Boris Johnson imposes new sanctions on over 100 Russian oligarchs and entities

PM brands Putin ‘blood-stained aggressor’ as he vows to ‘hobble’ Russian economy

Boris Johnson announces 'largest and most severe' sanctions against Russia

Boris Johnson has said Britain will impose economic sanctions on more than 100 Russian individuals, entities and subsidiaries – including oligarchs close to president Vladimir Putin.

The prime minister vowed to “hobble” the Russian economy in the wake of the invasion of Ukraine, as he set out the government’s plan to expand sanctions in the Commons on Thursday.

Mr Johnson told MPs that the government would freeze the assets of major Russian banks – including VTB, the second’s largest bank – and would ban Russian airline Aeroflot from landing planes in the UK.

The prime minister said it was the “the largest and most severe package of economic sanctions that Russia has ever seen” – and promised that Russian oligarchs living in London “would have nowhere to hide”.

It is understood that further lists of targets have already been prepared so pressure can be further ratcheted up in what the PM called “a rolling programme of intensified sanctions”.

Mr Johnson said Mr Putin’s “hideous and barbarous” venture in Ukraine must “end in failure”, adding: “Now we see him for what is – a blood-stained aggressor who believes in imperial conquest.”

The PM also indicated that the UK would work with allies to limit Russian access to the Swift international payment system. “I know that this House will have great interest in the potential of cutting Russia out from Swift ... nothing is off the table.”

On the expanded list of sanctioned entities are five major companies in the Russian defence sector – including the country’s largest defence company Rostec, which employs more than 2m and exports £10bn of weapons a year – as well as more than 70 of their subsidiaries.

All will have their assets frozen and UK-based companies and individuals will be barred from any transactions with them.

Five super-wealthy individuals with close links to the Kremlin will also face asset freezes and blocks on transactions, as well as a ban on travel to the UK.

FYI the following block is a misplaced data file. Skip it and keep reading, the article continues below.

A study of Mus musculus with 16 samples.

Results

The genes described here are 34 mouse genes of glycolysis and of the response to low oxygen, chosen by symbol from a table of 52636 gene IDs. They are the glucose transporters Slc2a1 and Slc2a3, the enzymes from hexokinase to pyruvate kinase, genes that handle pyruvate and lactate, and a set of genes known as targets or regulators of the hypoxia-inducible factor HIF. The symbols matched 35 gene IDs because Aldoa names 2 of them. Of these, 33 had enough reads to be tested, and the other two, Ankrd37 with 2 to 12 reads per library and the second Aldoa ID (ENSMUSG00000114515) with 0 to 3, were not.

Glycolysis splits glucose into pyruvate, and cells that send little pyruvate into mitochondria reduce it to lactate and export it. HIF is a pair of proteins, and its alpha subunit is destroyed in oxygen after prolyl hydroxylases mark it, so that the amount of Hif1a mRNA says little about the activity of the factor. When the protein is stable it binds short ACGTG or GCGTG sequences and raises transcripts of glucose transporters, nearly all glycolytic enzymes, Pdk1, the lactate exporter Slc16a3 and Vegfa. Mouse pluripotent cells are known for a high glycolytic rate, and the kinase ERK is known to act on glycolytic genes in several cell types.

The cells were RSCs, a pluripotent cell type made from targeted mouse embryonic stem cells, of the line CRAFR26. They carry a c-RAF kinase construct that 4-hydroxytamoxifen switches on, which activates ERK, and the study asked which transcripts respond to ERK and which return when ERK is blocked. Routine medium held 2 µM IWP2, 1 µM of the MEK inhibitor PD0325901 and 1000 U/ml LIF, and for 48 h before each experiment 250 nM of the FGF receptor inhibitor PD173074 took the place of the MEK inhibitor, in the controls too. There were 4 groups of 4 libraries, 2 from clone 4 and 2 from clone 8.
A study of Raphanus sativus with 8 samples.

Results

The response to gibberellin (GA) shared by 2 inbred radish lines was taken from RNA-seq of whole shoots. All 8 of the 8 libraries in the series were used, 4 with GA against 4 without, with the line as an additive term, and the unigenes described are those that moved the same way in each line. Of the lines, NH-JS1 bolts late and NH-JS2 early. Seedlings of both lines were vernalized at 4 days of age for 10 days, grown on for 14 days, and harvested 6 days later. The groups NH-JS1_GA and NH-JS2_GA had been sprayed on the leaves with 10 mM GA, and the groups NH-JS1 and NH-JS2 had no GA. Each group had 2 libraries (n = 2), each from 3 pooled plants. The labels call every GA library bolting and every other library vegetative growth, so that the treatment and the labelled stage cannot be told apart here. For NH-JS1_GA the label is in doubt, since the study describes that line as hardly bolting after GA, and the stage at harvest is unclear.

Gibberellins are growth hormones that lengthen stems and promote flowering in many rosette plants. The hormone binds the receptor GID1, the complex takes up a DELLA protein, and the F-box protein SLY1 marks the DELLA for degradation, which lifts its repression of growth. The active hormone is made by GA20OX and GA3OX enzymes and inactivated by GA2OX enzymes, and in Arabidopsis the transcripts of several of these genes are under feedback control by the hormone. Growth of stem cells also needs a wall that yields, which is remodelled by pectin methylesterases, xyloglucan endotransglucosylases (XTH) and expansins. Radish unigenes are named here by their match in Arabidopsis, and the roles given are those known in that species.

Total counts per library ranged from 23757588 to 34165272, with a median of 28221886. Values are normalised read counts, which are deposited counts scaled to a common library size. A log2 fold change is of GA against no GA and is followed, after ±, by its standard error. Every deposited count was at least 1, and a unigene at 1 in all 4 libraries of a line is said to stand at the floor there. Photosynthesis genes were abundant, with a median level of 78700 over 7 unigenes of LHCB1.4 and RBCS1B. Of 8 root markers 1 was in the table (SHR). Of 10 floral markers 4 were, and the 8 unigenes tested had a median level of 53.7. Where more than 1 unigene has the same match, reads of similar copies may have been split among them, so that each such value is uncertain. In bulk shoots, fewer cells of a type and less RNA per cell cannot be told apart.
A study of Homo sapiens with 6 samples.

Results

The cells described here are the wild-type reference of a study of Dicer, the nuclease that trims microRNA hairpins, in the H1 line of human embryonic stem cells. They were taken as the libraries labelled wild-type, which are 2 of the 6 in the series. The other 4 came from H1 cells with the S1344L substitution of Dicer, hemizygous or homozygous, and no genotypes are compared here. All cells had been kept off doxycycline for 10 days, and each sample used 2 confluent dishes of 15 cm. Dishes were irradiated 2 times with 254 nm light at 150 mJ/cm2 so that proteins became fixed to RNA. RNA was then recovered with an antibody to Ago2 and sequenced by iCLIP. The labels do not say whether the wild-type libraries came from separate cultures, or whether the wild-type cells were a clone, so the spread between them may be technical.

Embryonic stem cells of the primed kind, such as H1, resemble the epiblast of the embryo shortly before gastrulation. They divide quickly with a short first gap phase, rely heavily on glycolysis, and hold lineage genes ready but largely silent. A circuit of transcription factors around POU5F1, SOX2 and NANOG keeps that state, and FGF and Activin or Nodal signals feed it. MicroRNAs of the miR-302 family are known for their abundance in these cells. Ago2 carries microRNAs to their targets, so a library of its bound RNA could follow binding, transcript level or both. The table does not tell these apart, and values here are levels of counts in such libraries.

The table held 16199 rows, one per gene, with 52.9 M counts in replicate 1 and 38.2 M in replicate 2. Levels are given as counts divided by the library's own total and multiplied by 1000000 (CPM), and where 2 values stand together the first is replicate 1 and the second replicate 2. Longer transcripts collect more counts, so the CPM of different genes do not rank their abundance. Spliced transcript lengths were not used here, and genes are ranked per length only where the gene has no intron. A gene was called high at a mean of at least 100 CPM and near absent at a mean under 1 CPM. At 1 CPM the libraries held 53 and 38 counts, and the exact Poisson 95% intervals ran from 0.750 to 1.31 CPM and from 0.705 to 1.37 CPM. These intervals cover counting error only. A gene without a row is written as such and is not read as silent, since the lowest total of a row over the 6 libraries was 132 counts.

The measures will mean, for example, that any of them with children studying at British public schools will be unable to pay their fees.

The targeted oligarchs are Russia’s youngest billionaire Kirill Shamalov, who was previously married to Putin’s daughter, PS Bank chief Petr Fradkov, VTB Bank deputy president Denis Bortnikov, defence company director Yuri Slyusar and Novicom Bank chair  Elena Georgieva.

A UK diplomatic source said: “These are people who have international lifestyles – they come to Harrods to shop, they stay in our best hotels when they like, they send their children to our best public schools, and that is what’s being stopped.”

The official added: “So that these people are essentially persona non grata in every major western European capital in the world. That really bites.”

Mr Johnson promised the Economic Crime Bill will include a register of overseas property ownership, while a new “kleptocracy cell” will be set up in the National Crime Agency. “That means oligarchs in London will have nowhere to hide,” said the prime minister.

Labour leader Sir Keir Starmer braced the UK for the “sacrifice to defend democracy” of “economic pain” as oil prices soar and Russian money is flushed out of banks.

Sir Keir said Labour would support further sanctions against the regime to see “its ability to function crippled” – and called for a ban on Russia’s participation in the Swift payment system.

Earlier on Thursday Ukraine’s foreign minister urged countries to ban Russia from the Swift payments system – saying those who resisted the move would have “blood on their hands”.

Mr Johnson has faced resistance from Germany to the exclusion of Russia from the Swift system, and a conference call of leaders of G7 states this afternoon agreed only that any move must be taken by members as a group rather than unilaterally.

Legislation will be introduced and brought into effect on Tuesday to prohibit all major Russian companies form raising finance through UK markets and bar the Russian state from raising sovereign debt in Britain.

All exports of dual-use technology are immediately banned and legislation will be rushed through to prohibit sales of hi-tech items and supplies for extractive industries. And elements of the Economic Crime Bill will be brought forward from next year’s agenda and pushed through parliament before Easter to crack down on illicit finance and laundering of Russian money.

A limit will be set on the size of deposits which any Russian national can hold in a UK bank, though the threshold, and the date from which it will be applied, are yet to be decided.

All sanctions on Russia will be extended to include Belarus.

The package of sanctions has been drawn up over a matter of months by a team of officials trebled in size as the Ukraine crisis developed.

Detailed cases for action have been drawn up for each individual and business, with the aim of making the justification for sanctions legally watertight in the case of a court challenge by the notoriously litigious oligarchs.